Free online video content continues to gain attention from consumers. Most want it in an instant. More than half of surveyed respondents admit to spending more time obtaining or viewing online movie and online television content than they did a year ago, but spend about the same amount of money. While consumers spend more time online viewing video content, much of that content is free, according to a recent PricewaterhouseCoopers study.
While the study -- "Premium content consumption: responding to the 'instant access' consumer" -- offers up trends mostly on premium video content models and consumer behaviors related to movie and television shows, it also provides insight into what attracts consumers to video content, the type of content that most interests them, and what devices they find most comfortable accessing it with. For example, consumers want faster access to content, would rather rent than purchase movies, and when it comes to long-form content would rather watch it on television compared with online.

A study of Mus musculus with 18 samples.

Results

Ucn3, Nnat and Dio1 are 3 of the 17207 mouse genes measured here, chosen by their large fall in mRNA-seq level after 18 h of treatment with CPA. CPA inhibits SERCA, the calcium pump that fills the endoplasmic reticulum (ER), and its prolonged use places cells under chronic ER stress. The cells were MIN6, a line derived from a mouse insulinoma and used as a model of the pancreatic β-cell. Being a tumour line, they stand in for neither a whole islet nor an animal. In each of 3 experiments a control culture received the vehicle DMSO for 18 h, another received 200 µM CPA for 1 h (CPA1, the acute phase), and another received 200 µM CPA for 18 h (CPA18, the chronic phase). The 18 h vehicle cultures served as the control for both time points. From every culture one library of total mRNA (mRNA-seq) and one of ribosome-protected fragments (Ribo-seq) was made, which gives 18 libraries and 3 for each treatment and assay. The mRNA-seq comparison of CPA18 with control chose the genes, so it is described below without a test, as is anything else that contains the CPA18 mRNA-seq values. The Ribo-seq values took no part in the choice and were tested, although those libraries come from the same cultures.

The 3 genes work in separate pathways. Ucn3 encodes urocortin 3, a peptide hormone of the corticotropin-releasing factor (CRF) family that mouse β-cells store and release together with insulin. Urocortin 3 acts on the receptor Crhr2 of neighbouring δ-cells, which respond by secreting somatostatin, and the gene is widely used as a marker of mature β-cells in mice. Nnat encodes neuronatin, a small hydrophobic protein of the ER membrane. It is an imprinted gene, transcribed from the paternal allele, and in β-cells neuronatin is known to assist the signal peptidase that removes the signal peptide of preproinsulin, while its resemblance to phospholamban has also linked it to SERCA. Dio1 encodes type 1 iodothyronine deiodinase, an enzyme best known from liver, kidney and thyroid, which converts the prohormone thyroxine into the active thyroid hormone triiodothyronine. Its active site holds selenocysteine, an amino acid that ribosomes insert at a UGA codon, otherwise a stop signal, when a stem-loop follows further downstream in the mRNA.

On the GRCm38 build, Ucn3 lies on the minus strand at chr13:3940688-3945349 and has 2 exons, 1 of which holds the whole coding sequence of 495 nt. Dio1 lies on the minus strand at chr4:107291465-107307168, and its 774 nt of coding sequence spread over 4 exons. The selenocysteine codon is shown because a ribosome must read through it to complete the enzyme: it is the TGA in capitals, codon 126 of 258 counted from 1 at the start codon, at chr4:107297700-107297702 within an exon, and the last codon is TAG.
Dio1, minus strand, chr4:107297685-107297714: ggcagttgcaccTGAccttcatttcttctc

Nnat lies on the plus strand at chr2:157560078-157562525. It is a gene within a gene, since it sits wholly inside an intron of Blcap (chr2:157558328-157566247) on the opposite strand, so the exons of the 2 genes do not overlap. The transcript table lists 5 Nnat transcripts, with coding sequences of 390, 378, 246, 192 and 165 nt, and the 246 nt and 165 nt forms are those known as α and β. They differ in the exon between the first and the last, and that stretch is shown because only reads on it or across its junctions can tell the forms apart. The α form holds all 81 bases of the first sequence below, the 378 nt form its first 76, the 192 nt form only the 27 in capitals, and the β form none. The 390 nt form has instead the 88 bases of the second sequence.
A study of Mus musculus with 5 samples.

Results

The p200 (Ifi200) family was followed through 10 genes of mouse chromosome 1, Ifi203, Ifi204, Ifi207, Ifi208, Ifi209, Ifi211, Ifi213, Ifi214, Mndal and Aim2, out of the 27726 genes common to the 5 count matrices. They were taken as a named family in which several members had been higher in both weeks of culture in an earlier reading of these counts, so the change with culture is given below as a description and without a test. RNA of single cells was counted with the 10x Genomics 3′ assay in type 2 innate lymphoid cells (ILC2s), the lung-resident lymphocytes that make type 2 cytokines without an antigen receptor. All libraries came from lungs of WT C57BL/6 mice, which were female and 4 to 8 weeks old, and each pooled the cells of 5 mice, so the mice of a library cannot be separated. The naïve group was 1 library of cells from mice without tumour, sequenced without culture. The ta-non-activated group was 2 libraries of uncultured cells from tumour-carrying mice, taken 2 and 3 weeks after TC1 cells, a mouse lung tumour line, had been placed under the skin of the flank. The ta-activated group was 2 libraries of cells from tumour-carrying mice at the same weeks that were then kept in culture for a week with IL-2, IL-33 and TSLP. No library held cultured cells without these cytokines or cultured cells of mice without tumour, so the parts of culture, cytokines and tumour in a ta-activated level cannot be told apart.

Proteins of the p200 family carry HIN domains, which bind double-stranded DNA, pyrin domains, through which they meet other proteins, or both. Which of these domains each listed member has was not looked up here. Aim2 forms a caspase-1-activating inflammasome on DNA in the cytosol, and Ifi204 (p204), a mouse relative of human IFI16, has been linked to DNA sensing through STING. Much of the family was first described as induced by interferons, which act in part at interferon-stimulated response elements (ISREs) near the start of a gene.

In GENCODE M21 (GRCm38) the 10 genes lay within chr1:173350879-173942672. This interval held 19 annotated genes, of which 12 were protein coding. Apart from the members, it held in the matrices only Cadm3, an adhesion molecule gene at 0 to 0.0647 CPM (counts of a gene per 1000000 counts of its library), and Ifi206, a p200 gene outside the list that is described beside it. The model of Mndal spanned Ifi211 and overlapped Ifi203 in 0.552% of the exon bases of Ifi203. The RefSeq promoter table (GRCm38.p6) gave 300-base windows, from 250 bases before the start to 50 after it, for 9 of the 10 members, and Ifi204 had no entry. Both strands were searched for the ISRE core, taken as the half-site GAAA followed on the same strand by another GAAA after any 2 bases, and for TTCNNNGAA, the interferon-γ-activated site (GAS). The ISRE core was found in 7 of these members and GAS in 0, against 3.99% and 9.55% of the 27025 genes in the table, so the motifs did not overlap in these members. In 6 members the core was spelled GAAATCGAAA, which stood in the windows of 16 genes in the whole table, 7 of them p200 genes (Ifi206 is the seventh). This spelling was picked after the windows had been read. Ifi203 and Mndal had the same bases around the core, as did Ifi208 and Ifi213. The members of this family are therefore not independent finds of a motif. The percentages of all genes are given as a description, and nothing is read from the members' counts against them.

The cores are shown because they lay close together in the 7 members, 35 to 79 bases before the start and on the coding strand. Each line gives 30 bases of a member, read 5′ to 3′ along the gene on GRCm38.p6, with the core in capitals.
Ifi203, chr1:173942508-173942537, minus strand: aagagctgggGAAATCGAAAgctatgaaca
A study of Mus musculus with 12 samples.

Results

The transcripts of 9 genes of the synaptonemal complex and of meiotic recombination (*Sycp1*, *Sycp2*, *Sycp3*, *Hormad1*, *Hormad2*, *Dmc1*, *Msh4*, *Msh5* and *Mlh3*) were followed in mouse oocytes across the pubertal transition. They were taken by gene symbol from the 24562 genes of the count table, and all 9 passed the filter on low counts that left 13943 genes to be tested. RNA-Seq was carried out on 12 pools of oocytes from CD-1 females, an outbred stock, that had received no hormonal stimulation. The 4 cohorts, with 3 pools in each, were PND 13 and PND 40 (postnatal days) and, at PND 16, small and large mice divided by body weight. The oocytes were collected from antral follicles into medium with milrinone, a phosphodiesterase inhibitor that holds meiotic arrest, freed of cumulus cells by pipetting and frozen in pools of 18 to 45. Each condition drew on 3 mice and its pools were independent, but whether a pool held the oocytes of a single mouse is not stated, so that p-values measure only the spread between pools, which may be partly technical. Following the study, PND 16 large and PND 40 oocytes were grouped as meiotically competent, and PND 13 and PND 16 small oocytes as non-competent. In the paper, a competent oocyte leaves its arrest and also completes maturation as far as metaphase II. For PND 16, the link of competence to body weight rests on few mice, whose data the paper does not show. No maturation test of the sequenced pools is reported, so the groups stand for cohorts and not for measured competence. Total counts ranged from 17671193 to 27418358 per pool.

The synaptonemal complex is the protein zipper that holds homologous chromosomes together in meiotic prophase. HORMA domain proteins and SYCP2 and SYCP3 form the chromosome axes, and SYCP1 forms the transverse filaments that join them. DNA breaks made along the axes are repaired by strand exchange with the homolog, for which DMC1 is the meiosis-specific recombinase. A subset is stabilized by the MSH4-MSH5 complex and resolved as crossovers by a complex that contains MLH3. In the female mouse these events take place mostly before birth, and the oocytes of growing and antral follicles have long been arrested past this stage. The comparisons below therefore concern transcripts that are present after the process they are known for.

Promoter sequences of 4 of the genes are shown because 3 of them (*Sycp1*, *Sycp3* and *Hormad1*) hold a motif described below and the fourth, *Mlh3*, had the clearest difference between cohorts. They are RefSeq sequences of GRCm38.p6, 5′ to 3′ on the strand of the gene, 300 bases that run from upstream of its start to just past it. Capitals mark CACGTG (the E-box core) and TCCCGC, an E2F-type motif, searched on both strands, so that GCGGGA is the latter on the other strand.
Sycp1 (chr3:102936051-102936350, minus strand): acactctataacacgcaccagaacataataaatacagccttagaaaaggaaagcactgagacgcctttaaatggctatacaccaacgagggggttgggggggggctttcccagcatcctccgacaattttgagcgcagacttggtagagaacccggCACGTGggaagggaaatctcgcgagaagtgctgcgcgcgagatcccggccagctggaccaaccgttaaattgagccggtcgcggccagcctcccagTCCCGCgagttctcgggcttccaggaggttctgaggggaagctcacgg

Search marketers exploring cross-channel campaign options may find it too soon this holiday season to tie in video campaigns running on smartphone devices for Android and iOS. Those who are ready to dive in or have already begun to integrate video may want to leave the long-form content for television and explore short-form options on smartphones. It's also important to note that according to the PwC study, consumer reaction to distribution channels for longer-view content remains mixed. Facebook and digital lockers are gaining acceptance, but viewing video content on smartphones remains optimal only for a chosen few.
TV generates 66% interest among survey participants, and content on computers and tablets has become the most influential. Fifty-eight percent of survey respondents said they spend more time now viewing movie and television content online than they did a year ago. Consumers, however, say mobile devices are not as desirable. Only 23% said they watch video on smartphone devices because the small screens and the slow speeds detract from the viewing experience.
Consumers ranked the ability to obtain TV shows and movies through a smartphone as the second-least-appealing feature, ranking No. 8 out of nine possible options. It turns out that 44% said they would pay nothing for this option, while 43% would pay only up to $5. Small screens are still considered to provide a less enjoyable experience, although consumers continue to watch short-form video and play casual games on smartphones.